Roberto Viernes

Touring Wine Regions Of France, Part 2

This is the second of a two-part recap of my recent visit to France (read part one here). These are my general sentiments of each region. However, there is always more in the details, and I hope to highlight particular successes if they are worth the exception.

In the Beaujolais region, I tasted both 2012 and 2013. The 2013 reds seemed to have higher acidity than 2012, and their tannic structures seemed to be stronger than the 2012s at the same time. I also thought that the 2013s were more inconsistent than 2012. At one end, the wines were overly tannic and not generous of fruit. At the other, the wines were well-balanced with very good and ripe fruit. Overall, the quality was high, just not as fleshy and carnal as, say, 2009 or 2010. But there are some exceptional wines in both 2012 and 2013. There are quite a few 2013s that I think are worth cellaring.

Domaine Robert-Denogent in Pouilly-Fuisse was hit terribly by bad flowering, and quantities are down 60 percent across the board in 2012. I joked with Jean-Jacques that the glass I was drinking was my entire allocation of his wines! But what he did produce was really fine – his Old Vine Cuvee Pouilly Fuisse “La Croix” bottling is both ripe and zesty, and for my palate even better than the 2009. It is highly concentrated and accentuates the min-erality of the vineyard. We will be lucky if we see much of this wine in Hawaii, and we will be even more fortunate if we ever see his 2012 Cuvee Claude, which, for me, is what I might call a “grand cru Pouilly Fuisse” – a thing of beauty.

For the Beaujolais, my favorites include Domaine Jean Foillard 2013s. Both his Morgon Cote de Py and Fleurie are at the top of the class. Chateau Thivin’s Brouilly and Cote de Brouilly are head-turners in 2013. (It also makes an absolutely delicious rose that is a great value.) I wrote when I tasted the 2012 vintage from this estate that it might be the best I had, and the 2013 is its equivalent in quality but has even more extract, and it will be a wine that repays cellaring. Chignard turned out a wonderfully delicious and elegant Fleurie from the 2013 vintage, as well. It has just the right harmony of charm and structure to be exceptional.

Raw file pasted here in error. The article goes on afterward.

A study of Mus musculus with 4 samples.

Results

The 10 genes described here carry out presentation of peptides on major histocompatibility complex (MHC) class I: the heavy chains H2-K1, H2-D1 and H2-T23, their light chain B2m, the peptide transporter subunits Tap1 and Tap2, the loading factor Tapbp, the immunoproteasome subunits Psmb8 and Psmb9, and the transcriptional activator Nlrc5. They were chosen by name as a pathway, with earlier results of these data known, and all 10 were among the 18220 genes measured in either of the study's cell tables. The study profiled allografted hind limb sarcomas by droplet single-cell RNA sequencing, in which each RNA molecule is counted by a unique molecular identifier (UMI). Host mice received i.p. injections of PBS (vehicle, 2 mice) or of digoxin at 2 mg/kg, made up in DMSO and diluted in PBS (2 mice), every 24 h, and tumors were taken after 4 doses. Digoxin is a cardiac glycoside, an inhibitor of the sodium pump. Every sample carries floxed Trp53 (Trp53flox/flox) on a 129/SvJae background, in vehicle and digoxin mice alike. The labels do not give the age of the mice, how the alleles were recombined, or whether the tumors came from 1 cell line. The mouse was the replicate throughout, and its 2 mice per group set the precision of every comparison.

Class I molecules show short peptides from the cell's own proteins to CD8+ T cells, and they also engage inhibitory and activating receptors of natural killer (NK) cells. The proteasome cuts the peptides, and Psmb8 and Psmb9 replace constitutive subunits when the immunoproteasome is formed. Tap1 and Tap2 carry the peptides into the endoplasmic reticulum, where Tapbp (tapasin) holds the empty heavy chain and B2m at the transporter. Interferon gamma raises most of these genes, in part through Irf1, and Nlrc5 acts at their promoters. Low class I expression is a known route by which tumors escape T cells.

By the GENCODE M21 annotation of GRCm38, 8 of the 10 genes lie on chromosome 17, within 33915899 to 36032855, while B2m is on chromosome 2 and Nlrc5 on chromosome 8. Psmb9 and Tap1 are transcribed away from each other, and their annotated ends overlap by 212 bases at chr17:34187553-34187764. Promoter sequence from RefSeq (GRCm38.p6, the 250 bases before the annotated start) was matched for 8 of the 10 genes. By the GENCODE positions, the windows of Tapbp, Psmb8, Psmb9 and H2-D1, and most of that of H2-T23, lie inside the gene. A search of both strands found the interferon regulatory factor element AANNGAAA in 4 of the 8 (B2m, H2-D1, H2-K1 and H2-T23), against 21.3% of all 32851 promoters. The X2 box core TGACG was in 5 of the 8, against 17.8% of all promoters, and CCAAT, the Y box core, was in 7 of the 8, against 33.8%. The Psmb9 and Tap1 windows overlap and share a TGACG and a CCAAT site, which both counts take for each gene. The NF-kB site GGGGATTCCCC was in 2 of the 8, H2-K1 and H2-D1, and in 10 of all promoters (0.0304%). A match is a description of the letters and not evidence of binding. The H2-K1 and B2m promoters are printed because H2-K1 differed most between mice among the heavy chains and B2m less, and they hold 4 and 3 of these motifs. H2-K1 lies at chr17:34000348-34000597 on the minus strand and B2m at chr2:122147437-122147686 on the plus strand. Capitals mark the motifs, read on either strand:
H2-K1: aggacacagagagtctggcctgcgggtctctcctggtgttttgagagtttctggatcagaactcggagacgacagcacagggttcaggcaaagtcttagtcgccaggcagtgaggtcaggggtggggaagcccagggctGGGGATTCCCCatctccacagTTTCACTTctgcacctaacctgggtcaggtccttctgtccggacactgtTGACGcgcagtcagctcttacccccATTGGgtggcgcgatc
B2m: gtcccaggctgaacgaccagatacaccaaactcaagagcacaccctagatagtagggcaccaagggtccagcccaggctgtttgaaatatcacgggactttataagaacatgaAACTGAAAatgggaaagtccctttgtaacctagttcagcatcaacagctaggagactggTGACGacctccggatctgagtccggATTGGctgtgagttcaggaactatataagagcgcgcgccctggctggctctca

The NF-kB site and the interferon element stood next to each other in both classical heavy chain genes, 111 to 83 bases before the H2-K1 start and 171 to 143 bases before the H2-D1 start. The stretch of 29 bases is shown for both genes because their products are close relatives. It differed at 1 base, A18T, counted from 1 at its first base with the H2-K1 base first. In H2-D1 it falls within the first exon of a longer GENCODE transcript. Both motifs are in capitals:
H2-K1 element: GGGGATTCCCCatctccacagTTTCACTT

The producers I visited in the Northern Rhone Valley were all happy to say they were spared much of the inclement weather that Burgundy and Beaujolais received in 2012. Their yields were down, but nowhere near those in Burgundy and Beaujolais.

The wines in general were solid and earth-driven. There were no problems getting grapes ripe; at issue was the structural content that the growers had to deal with in the cuverie. Those who did not over-extract fared best. My quick shout-out of favorites are Domaine Faury, whose 2012 line was an absolute pleasure to taste – from a delicious St. Joseph Blanc to a gorgeous and hedonistic Cote Rotie, the wines are well-proportioned and sexy, even.

At Domaine Clape in Cornas, the 2012 Cornas reds are not only delicious, but they are “invincible.” They are wines that should be held onto for some time, as they are solid and will take years to show their true glory.

To double the bad news of having very little wine, the prices are going to be up 10 to 15 percent on average.

These small family producers really have no choice but to raise prices, as they have so little wine to sell. Thankfully, what will be coming to Hawaii will be very fine wine indeed, and will be quite pleasurable for all of us to share.